News / Mental Health Awareness Week - Twitch's story
Wednesday 15 May 2019

Mental Health Awareness Week - Twitch's story

Posted by Help For Heroes | Categories: Band Of Brothers , Featured , General , Mental Health

When Paul ‘Twitch’ Twitchell was diagnosed with Post-Traumatic Stress Disorder after serving in the Royal Air Force, it wasn’t just his mental health that was affected.

This Mental Health Awareness Week (May 13-19), Veterans supported by Help for Heroes are speaking out about how physical injuries affected their mental health and body image.

“During my 22-year career as a Weapon Technician in the RAF I spent the majority of that time carrying out Bomb Disposal duties.”

“The role was extremely physically demanding and full of Operationally traumatic events so Fitness levels were constantly maintained to a very high standard. I took my good physique and strength for granted with a 'work hard, play hard' attitude.

Symptoms of PTSD started to show Paul returned from 3 tours of Iraq – “When the symptoms of PTSD became too great, I gained a posting into an Instructional role at a different unit. At this point, I didn't know I had PTSD and just thought I was going mad. I self-medicated with alcohol and began a downward spiral of depression and increasingly frightening symptoms until I attempted suicide.”

Paul says that his body also took a beating alongside his mental health. “Without the constant requirement to maintain fitness, I gained weight and lost muscular definition quickly. Following the start of my journey through diagnosis, medication and therapy I ignored my physical health and couldn't bear to look at my body naked any longer.”

“My clothes were replaced with frumpy, baggy, unfashionable rags as I'd lost my self-esteem completely.”

It was when Paul was introduced to Help for Heroes and the Invictus Games ‘family’ that he said something ‘magical happened’ – “Training was hard and I was surrounded by good looking, body beautiful people and, like an idiot, I chose the sport of swimming. Ironically, wearing a small pair of swimming jammers for hours on end in front of strangers began to help how I felt but then flying to Sydney to stand on the starting blocks in front of 6000 spectators and the world's media… I began to fall apart with anxiety.”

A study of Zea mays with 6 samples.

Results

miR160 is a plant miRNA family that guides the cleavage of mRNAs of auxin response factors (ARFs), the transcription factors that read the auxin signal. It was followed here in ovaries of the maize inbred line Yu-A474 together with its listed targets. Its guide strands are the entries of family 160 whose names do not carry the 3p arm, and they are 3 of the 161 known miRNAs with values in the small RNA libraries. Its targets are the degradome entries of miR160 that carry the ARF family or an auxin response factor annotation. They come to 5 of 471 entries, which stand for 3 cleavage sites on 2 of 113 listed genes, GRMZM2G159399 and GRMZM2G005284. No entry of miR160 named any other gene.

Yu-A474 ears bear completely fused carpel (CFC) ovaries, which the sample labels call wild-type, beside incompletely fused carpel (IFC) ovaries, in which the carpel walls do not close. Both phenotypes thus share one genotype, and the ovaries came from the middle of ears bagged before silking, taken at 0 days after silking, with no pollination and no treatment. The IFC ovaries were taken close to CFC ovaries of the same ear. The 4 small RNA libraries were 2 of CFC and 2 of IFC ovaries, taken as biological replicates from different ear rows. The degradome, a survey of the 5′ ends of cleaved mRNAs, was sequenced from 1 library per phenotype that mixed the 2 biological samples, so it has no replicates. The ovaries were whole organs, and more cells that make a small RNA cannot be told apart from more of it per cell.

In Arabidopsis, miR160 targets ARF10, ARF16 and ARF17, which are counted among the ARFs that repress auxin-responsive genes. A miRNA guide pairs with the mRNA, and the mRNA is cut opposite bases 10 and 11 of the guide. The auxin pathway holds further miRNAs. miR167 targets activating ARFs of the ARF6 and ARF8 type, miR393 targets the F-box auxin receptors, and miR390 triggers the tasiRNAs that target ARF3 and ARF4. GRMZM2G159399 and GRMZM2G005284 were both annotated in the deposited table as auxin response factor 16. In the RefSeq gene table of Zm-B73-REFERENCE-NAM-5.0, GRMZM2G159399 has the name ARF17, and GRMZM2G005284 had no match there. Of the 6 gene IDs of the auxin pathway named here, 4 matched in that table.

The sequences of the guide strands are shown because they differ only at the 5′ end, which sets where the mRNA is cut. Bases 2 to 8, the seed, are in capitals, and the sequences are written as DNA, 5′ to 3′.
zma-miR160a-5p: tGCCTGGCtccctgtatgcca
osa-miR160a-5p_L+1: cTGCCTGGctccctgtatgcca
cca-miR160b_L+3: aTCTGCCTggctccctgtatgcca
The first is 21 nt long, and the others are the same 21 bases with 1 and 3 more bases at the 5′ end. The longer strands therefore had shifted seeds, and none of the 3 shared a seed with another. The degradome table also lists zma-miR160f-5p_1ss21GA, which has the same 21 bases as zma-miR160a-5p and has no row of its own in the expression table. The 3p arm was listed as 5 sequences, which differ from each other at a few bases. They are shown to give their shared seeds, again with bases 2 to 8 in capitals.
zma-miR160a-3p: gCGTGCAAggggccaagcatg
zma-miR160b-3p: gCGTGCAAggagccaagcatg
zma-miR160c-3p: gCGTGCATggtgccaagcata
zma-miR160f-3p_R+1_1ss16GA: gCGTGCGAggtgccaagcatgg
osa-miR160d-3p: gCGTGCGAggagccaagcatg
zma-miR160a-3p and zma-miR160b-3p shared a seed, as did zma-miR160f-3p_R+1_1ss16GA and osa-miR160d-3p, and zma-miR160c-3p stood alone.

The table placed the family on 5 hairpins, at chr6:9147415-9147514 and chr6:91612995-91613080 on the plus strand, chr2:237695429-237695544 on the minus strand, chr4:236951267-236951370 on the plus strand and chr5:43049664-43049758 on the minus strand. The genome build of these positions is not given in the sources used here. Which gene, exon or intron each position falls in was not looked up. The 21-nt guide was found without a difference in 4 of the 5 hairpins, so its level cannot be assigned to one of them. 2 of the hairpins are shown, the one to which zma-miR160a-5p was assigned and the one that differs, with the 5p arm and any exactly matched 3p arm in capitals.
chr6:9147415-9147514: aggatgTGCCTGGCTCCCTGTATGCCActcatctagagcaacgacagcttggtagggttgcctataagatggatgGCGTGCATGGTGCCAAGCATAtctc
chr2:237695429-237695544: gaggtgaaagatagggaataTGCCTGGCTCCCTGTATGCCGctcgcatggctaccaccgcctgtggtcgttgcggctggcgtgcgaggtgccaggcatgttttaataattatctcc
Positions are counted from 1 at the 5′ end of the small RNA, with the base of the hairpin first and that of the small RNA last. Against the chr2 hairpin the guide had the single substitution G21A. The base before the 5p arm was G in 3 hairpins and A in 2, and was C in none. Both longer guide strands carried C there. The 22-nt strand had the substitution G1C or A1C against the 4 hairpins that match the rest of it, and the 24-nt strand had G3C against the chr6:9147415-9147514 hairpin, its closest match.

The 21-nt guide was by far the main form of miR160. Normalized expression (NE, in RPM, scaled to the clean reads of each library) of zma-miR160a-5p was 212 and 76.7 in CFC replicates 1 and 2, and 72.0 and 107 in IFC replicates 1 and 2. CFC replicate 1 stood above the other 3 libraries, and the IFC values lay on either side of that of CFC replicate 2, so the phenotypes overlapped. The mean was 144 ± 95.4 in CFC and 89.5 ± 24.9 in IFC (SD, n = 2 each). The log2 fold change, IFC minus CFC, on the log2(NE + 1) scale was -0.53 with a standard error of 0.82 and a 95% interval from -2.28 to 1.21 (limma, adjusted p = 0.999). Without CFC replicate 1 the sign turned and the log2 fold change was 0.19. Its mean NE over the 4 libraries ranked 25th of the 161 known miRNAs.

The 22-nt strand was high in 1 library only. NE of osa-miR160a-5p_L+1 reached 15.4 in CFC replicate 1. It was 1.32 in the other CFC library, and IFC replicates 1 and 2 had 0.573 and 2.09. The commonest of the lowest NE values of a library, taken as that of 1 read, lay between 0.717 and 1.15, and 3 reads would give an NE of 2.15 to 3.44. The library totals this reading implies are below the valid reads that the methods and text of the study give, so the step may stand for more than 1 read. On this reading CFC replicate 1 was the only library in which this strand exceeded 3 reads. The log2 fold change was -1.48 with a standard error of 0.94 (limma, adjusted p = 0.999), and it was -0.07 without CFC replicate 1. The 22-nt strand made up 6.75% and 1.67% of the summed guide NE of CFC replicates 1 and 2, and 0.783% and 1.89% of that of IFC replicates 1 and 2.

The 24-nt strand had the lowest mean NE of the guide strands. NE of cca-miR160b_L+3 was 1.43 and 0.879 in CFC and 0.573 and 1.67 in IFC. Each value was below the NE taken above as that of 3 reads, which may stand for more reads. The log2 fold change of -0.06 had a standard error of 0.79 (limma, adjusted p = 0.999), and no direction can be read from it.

“But my Psychological Wellbeing Practitioner at Help for Heroes recognised my fears, used grounding techniques, a friendly smile and that magical 'hand on the shoulder' which was great, but the changing moment was when he asked me what I could control.”

"I instantly accepted and realised that no one was there to see my wobbly bits or my love handles, everyone was there to see Wounded Service Personnel and Veterans using sport to aid recovery and show the world that we can be proud of ourselves once more."

Paul now works as a Motivational Speaker where he talks about his journey from being a victim of PTSD to being a conqueror of a mental health illness. "Every time I deliver my speech 'From Basra to Sydney' I am met with instant feedback from many audience members who can relate to my story and are motivated to seek help".

"As a Sitting Volleyball Coach, I have the luxury of providing a safe and fun environment to help people find their smile again. The most noticeable thing about Sitting Volleyball is that people of all ages, abilities, gender and body style play on an equal level with zero disadvantages, an attribute unique to sport".